The South African government’s decision to increase the Dollar-Based Reference Price (DBRP) of sugar by only half what the industry appealed for, may have dire consequences for the SA sugar industry, reports Sugaronline.
“Government has missed a golden opportunity to put the local sugar industry on a growth path that would stimulate investment and expansion and create thousands of new jobs in an industry under severe threat because of dumped imports,” says Francois Baird, founder of the FairPlay movement, which fights for jobs and against predatory trade practices. “Instead of acting to reverse the decade-long decline, the SA government has left the industry facing a very uncertain future by tabling a half-hearted increase.”
The DBRP is a threshold for calculating the tariffs to be applied on imports. Tariffs are gazetted from time to time so that the cost of imported sugar is the same as the DBRP (the local cost of production), and the local industry then competes on a level playing field.
The DBRP has been at US$566 a ton for the past 14 years, which is woefully inadequate to ward off ever-rising levels of dumped imports, and landing South Africa’s sugar producers in a crisis from which they may not recover. The South African Sugar Association (SASA) had applied for an increase to US$856/t, which it believed would protect the industry and put it on a growth path after years of decline. The SA government responded by approving a recommendation from the International Trade Administration Commission (ITAC) for an increase to US$680/tonne – less than half of the US$290/tonne the industry had requested.
According to Baird the increased protection through a higher DBRP is welcome, but is far below what was needed and will not deliver the relief that was hoped for. “The rise of US$114 per tonne is simply not sufficient to safeguard the thousands of jobs that are at risk from surging imports, particularly among small-scale black growers who are the most vulnerable,” he explained. “Perhaps worst of all, it will not spark the expansion and job creation so desperately needed in South Africa, as we watch our unemployment rate, already one of the highest in the world at 27%, creep ever higher.”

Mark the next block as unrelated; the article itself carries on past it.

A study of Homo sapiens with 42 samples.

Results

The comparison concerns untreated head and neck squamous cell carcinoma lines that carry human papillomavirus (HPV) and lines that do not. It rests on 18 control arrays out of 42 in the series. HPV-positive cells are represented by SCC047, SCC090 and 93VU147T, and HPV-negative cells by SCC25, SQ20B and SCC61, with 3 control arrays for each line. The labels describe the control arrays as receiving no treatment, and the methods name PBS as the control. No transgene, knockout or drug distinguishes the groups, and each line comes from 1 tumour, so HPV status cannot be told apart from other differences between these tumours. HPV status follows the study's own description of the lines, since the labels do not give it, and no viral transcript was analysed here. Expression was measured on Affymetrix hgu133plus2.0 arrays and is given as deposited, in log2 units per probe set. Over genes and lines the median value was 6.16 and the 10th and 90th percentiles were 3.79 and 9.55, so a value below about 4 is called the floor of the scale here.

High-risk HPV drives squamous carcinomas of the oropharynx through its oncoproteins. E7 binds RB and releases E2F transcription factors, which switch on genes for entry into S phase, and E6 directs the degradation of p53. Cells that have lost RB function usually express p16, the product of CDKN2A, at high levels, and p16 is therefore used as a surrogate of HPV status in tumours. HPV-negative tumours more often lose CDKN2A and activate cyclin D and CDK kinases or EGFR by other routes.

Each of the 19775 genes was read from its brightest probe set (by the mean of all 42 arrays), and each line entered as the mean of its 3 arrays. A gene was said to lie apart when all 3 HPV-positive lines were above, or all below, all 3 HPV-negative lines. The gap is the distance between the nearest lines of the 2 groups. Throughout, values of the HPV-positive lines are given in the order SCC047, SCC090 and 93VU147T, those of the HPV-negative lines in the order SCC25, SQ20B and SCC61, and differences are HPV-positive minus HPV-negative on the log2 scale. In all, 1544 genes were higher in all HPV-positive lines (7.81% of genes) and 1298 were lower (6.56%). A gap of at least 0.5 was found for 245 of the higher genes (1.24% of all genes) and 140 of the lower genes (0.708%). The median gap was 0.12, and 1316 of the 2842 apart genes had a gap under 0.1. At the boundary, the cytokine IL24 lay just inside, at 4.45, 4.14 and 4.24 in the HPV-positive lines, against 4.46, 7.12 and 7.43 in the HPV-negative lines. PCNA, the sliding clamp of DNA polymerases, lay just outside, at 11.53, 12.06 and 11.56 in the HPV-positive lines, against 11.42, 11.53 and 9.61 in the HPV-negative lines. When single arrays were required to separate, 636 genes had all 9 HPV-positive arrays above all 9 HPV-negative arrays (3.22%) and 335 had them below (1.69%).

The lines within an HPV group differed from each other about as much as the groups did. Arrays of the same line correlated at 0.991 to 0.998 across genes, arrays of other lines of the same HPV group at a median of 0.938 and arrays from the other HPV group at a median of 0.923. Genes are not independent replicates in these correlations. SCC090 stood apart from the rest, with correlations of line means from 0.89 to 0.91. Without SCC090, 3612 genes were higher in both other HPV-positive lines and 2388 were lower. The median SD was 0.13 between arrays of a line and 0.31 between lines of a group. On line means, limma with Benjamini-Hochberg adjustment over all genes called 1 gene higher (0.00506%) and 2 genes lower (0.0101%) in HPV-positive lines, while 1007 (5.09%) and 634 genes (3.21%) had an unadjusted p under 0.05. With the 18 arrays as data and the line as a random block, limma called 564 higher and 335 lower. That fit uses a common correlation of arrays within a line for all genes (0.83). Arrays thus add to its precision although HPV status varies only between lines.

He said that this followed a chaotic period last year when, instead of adjusting the tariff upward, the government erroneously set it at zero. This caused imports to surge and before the error was corrected the big purchasers, spotting the gap, stockpiled massive volumes of sugar.
“By applying for an increase in the DBRP, as the base from which tariff increases are triggered, SASA presented the government with a golden opportunity to boost a shrinking industry and create new jobs,” argued Baird. “The difference between what was applied for and what was granted may prove crucial for the future of a strategic industry which contributes ZAR14 billion (US$938.6 million) a year to the GDP and employs 85,000 people directly. It also ensures work for another 350,000 people in related fields such as food processing.”
In its application SASA stated that the industry is in “a state of rapid decline” and has reached a tipping point. It said farmers were buckling under a surge of imports and entire towns were vulnerable to collapse. In 2017 imports rose to 500,000 tonnes, displacing 30% of local production and the equivalent to the output of three of South Africa’s 14 sugar mills. “The persistent flood of duty-paid imports will, if not urgently stopped, destroy the industry”, it argued.
Baird notes that this, in anybody’s language, is crisis talk. “Coming from a responsible industry body, it indicates the desperate situation facing producers, farmers, millers and workers, and the need for urgent government action.
“While the increase of US$114/tonne will bring some relief, it is still below the cost of production, and as SASA has pointed out, local producers will still be unable to compete with cheap dumped imports. The crisis continues and thousands of jobs remain at risk,” he said.
A much rosier outlook would have realised, according to Baird, had the government granted the full increase that was recommended by the experts. As outlined in SASA’s application, a DBRP of US$856/tonne would spark long-term industry expansion. It would potentially result in more than 110,000 new jobs, increasing the area under cane and raising annual cane production from 17 million tonnes to 22 million tonnes.
The resultant rise in economic activity would raise sugar’s total proceeds by 50%, from ZAR14 billion to ZAR21 billion. There would be significant support for black cane growers, including land transfers that could double from the current 76,538 hectares to around 165,000 hectares.